5 Holiday Toxins Your Dog Should Avoid

Veterinarian Vanessa Yeager discusses the top 5 most common dangers to your dog this holiday season. Learn about the deadly side effects of ingesting raisins, chocolate, antifreeze, and other harmful substances.

QDT Editor
4-minute read

dog with cookiesShould my dog be eating that?

This is a common question nearly every pet owner apprehensively contemplates at some point, especially around the holidays. 

This time of year, more goodies whipped up in the kitchen mistakenly fall to the floor and are quickly whisked away by your four-legged vacuum cleaner. Having a gaggle of relatives and friends over for festive holiday parties consumes our attention, leaving the family dog up to his own devices. This can spell disaster for your pet.

See also: Doggy Behavioral Safety During the Holidays


There are a lot of potentially toxic substances out there. In fact, anything can be toxic - even water! Excessive water consumption can cause cerebral edema (swelling of the brain) and this can be lethal. Of course, achieving water-induced toxicity is incredibly difficult as you would need to consume several liters of water in a short amount of time, but it can happen.

The point is that overabundance of anything (no matter how innocent) can cause serious damage for your pet.

Here are the top 5 holiday toxins you should know about, why they're toxic, and what you should do if your pet gets his paws on them:

Holiday Toxin #1: Chocolate

Chocolate toxicity is probably the most frequently reported toxicity in dogs year round (the Animal Poison Control Center averages about 22 calls per day on chocolate alone).

But it's especially common around major holidays like Christmas and Easter. Whether it’s in a wrapper, hidden in a stocking, or laying out in a festive bowl on the coffee table, you (as well as your dog) may be tempted to grab a taste. While we can indulge the occasional chocolate craving (yes, even Nutrition Diva says so), our dogs simply cannot.

Ask the Diva: Best Way to Fight Chocolate Cravings?


All types of chocolate are potentially toxic to dogs (including white chocolate), as they all are comprised of varying levels of cocoa and cocoa contains a stimulant called theobromine. The darker the chocolate, the more theobromine it contains, making dark chocolate potentially more toxic than milk chocolate depending on how much is ingested.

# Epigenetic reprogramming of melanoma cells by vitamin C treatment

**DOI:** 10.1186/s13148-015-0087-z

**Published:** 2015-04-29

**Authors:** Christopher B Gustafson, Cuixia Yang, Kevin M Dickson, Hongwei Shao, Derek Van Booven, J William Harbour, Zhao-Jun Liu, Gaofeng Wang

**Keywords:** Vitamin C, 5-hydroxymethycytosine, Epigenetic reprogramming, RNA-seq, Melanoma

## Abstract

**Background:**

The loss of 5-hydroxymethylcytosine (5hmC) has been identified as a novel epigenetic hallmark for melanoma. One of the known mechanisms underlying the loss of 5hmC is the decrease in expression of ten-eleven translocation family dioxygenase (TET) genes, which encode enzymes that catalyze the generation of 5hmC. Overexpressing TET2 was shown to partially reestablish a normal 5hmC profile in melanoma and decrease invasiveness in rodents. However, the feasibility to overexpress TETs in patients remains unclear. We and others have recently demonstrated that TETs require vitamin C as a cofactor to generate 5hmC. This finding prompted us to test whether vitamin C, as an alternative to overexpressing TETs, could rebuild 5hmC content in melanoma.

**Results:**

Theobromine can be toxic in dogs because it's not metabolized as quickly by their livers as it is in humans. Dog livers take about twice as long to metabolize theobromine than humans do, so it sits around in their blood stream longer, causing gastrointestinal disturbances and can lead to seizures if left untreated.

Holiday Toxin #2: Raisins

These yummy dried fruits often make their way into a variety of holiday dishes, including fruitcake, cookies, stuffing, and other delights. That's why pet owners are often left scratching their heads when asked by the vet as to how many raisins were in the dessert that the family dog gobbled down while left unattended in the kitchen.

Raisins, through some unknown mechanism, can cause kidney failure in dogs. The exact cause has been stumping veterinarians for years, but the fact is that it only takes a small amount to cause toxicity.  

For instance, a tiny 1.5 oz snack box of raisins is enough to be potentially problematic in a 30-pound dog. And not all dogs that consume raisins will develop kidney issues. It all depends on how many raisins were consumed and how much the dog weighs.

Holiday Toxin #3: Poinsettia Plants

santa and puppy

These guys have gotten a bad reputation over the years, but in fact, they're not really something to get your tinsel in a twist about.

Contrary to popular belief, poinsettias aren’t actually as toxic as they are made out to be. It’s a common misconception that poinsettia plants are lethal. They really aren’t.

The do contain mildly irritating sap from their leaves that may cause some minor gastrointestinal upset or irritation around the mouth, but it seldom requires treatment and will usually just resolve itself.